NORMAN — Keaton Wingo hid his head in his hands as he choked back the words.
“I feel very honored that he went and fought for our freedom …”
That's when the 14-year-old paused.
“I'm sorry,” he said. “I'm not good at this.”
Sitting on a camouflage lawn seat, he glanced at his father, Sgt. First Class Kory Wingo. Day 2 of The OldSpice Sam Bradford Football ProCamp had just ended. That's two hot days of drills, sweat and suffering, but Keaton didn't complain.
“You havin' fun out there?” Sgt. Wingo had asked his son earlier in the day in between games.
“Yes,” Keaton replied.
“Are you hot?”
“Yeah,” Keaton said, then looked at his dad who was dressed in uniform. “Are you?”
“Yeah,” his dad laughed. “You could wring my undershirt out.”
Father and son shared a laugh before Keaton limped back onto the field. He was sore. His thighs, his hamstrings, they hurt. It's because he got lazy. That's 14-year-old lazy, which means he took a little downtime in between playing basketball, baseball, soccer and football. Keaton also took a year off from football. He wasn't sure if he really wanted to play anymore.
Then came the invitation. Sam Bradford's camp wanted to honor a veteran's kid with a free-ride scholarship to the camp. That kid was Keaton.
On Day 1 of the camp, Keaton was given a free football autographed by Sam Bradford, in honor of his dad's service.
“On the way home yesterday,” Sgt. Wingo said, “He took my phone and started looking up glass cases.”
For now, the football sits in Wingo's home in Shawnee. His little brother tried touching it a few times.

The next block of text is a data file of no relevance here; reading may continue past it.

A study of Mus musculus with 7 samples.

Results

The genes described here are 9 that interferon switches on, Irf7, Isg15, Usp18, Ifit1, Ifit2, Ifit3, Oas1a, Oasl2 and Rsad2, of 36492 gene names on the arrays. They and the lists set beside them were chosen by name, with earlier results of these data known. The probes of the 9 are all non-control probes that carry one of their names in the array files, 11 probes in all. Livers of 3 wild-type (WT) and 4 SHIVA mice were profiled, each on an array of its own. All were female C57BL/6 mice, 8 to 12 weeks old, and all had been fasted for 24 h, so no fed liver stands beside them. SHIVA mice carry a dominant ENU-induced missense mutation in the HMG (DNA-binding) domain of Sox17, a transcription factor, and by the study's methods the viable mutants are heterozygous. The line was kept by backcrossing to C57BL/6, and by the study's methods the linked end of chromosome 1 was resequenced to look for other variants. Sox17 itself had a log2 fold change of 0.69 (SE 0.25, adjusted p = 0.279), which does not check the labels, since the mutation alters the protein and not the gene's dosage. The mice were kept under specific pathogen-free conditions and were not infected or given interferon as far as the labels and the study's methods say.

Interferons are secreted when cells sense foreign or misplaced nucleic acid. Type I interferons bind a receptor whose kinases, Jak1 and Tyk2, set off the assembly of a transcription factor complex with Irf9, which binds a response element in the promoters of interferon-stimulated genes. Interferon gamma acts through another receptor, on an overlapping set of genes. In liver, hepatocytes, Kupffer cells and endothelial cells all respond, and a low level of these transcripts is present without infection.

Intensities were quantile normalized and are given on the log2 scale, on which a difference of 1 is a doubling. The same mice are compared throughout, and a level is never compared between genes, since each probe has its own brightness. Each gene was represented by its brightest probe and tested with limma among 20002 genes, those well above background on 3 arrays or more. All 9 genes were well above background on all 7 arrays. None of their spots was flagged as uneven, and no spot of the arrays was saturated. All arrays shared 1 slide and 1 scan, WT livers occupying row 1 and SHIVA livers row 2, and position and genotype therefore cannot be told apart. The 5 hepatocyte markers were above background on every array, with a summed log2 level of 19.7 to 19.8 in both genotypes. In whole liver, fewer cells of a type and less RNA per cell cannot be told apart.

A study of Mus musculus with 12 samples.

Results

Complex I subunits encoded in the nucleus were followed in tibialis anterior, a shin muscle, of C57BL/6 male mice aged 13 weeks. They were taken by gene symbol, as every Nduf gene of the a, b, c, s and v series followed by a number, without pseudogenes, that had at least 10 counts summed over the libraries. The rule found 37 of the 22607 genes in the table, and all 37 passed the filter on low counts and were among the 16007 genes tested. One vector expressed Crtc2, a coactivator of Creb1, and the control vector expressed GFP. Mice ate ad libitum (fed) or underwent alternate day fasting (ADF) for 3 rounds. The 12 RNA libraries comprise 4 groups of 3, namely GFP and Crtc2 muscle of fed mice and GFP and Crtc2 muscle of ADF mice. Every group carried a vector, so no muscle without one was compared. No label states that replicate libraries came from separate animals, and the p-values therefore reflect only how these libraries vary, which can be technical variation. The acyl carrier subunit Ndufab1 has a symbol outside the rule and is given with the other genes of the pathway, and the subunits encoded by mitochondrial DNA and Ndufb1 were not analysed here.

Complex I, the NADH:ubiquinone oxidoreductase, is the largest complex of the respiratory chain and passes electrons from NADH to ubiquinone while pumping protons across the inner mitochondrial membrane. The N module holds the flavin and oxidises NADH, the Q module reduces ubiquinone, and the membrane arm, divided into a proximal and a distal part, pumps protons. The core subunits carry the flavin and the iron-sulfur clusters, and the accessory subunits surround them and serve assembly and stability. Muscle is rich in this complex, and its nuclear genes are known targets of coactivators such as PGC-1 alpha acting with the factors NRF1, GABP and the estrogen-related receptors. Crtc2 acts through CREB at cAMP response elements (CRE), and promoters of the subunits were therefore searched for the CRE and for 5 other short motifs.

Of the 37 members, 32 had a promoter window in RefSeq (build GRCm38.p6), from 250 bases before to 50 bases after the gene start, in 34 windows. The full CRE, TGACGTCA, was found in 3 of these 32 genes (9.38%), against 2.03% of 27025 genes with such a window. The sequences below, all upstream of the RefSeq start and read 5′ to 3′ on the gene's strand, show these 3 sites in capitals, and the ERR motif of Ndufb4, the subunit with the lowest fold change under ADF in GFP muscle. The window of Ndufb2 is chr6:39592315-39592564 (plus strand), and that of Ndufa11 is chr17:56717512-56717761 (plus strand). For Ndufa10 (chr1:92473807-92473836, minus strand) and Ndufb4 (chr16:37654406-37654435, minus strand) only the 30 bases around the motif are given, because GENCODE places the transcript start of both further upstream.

“I told him he better not put any fingerprints on it,” Keaton said.
Once he gets the case, Keaton plans to put the football, along with some photos from camp, on his dresser to remind him of those two grueling days in July when he learned how to run better routes and catch better. After all, it's Bradford's camp that's renewed a spark in his football career.
In August, Keaton will start ninth grade, and he's looking at beginning two-a-days. He's played wide receiver and corner but he's realized he's a little better at corner. Camp taught him that.
He'd have bragging rights as a wide receiver, though. He did catch two passes from an NFL quarterback.
“I'm still a Saints fan,” Keaton said. “I watched every game he played at OU though. I still watch every game.”
Sgt. Wingo is glad Keaton remained a fan of Bradford's even after the former Sooner quarterback went to the Rams. He thought Bradford sent a great message to the kids at camp on Day 2 when he told them he wouldn't be anywhere today if it wasn't for his dad, and they should listen to their fathers.
“My kid's a regular 14-year-old punk who doesn't always listen,” Sgt. Wingo said. “I'm happy Sam talked about his father today … I'm honored they gave Keaton a scholarship for camp.”
Keaton sat on the camouflage stool and squinted. A fellow camper walked up in his gray shirt next to a woman who looked to be his mom. Her hand was extended toward Sgt. Wingo.
“Thank you for your service,” she said.
Keaton's multicolored braces showed through his slight smile. This may have been Day 2 of tiring drills and endless routes, but today the campers learned that family is important. Keaton already knew this. His dad recently returned home from Afghanistan. That tour is what makes the 14-year-old choke up as he hides his face. This is Day 60.